Rouse action worries villagers

Paperwork filed has activists fearing four centers may be sold

`Certificates of compliance'

February 07, 2002|By Laura Vozzella | Laura Vozzella,SUN STAFF

Leaders in four Columbia villages are worried about the fate of their community shopping centers because the Rouse Co. has requested paperwork normally needed for a sale.

Rouse has asked for "certificates of compliance" for the village centers it owns in Long Reach, Oakland Mills, Wilde Lake and Harper's Choice, village officials said yesterday.

The certificates, which confirm that properties meet local architectural standards, are needed before a sale or refinancing can take place.

Alton J. Scavo, a Rouse senior vice president, said this week that the centers had not been sold.

"We're looking at restructuring, perhaps," Scavo said, declining to elaborate. "People look at all kinds of stuff. We look at that at every center."

Scavo and other Rouse officials could not be reached yesterday to comment specifically on the certificate requests.

Scavo is scheduled to talk today with Howard County Council Chairman C. Vernon Gray to discuss "Columbia operating properties," Gray said yesterday. Gray said he was not sure whether the meeting, which Scavo arranged, would have anything to do with the village centers.

Village officials have been trying to discover Rouse's intentions since the company requested the certificates last month.

"We're in the dark as much as everyone else," said Neil Frock, a board member in Harper's Choice. "We have gotten, not the run-around, but we haven't gotten a straight answer from them."

Local officials take a keen interest in Columbia's nine village shopping centers, which were planned as social hubs for the community. Near schools, sports facilities and community buildings and designed to encourage socializing, the shopping centers helped create a sense of place in a town created out of farmland 35 years ago.

"It's a community focal point. It's a place where everybody meets," Frock said. "That's what the village is about, some central point where everybody comes together socially, for business purposes, politically. It's the melting pot for human intercourse. And we have a vested interest in it because we live here and we want to support our businesses. It's a point of pride."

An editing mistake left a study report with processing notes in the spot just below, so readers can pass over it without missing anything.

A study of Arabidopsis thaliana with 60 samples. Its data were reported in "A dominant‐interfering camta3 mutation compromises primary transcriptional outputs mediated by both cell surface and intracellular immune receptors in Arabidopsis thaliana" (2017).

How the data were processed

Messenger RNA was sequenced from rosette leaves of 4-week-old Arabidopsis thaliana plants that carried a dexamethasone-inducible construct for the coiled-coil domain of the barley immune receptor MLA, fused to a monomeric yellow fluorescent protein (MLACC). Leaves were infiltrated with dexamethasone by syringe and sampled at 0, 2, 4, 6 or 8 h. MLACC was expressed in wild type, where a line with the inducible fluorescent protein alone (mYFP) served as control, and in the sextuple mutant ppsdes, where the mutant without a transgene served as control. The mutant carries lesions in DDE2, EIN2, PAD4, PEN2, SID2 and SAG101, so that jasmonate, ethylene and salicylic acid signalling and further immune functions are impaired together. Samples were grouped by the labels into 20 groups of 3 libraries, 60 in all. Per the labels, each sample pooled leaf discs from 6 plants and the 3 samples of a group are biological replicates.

Some of the centers have not been much to brag about in recent years. Crime and vacant buildings have been a problem. Big-box stores have taken a toll.

Scavo has acknowledged that nine village centers are too many in an era of 60,000-square-foot supermarkets - about triple the size of Columbia's original Giant.

Even so, Columbia residents want their village centers to survive and thrive and reflect positively on their property values.

The Oakland Mills Village Center Revitalization Committee meets regularly to plot how to attract a new supermarket to the anchor space Metro vacated in April after three years.

One member of that committee is Wayne Christmann, vice president and general manager of Columbia Management Inc., the Rouse affiliate that owns eight of the centers. (The ninth center, in Owen Brown, is owned by Giant Food Inc.)

"Wayne Christmann has been fully a part of those meetings and has never indicated that anything was going to happen with regard to the ownership," said Columbia Councilwoman Barbara Russell of Oakland Mills.

"I certainly hope the Rouse Co. will be forthcoming immediately with any plans that they might have to sell village centers because that will certainly have an impact on the residents, especially the residents of those village centers that are currently having problems and trying to resolve those problems," she said.

Christmann could not be reached for comment.

The potential sale of the centers concerns some village officials, who see it as an indication that Rouse has lost interest in older, poorer parts of town, in favor of newer, more expensive projects. Rouse announced last month that it was buying eight high-end shopping malls for $1.45 billion.

But others say a sale could benefit the centers, since a different owner might breathe new life into them.

"It could be very beneficial for us to have new owners," Frock said. "If it happens, we'll just see what happens. It's just so ambiguous right now."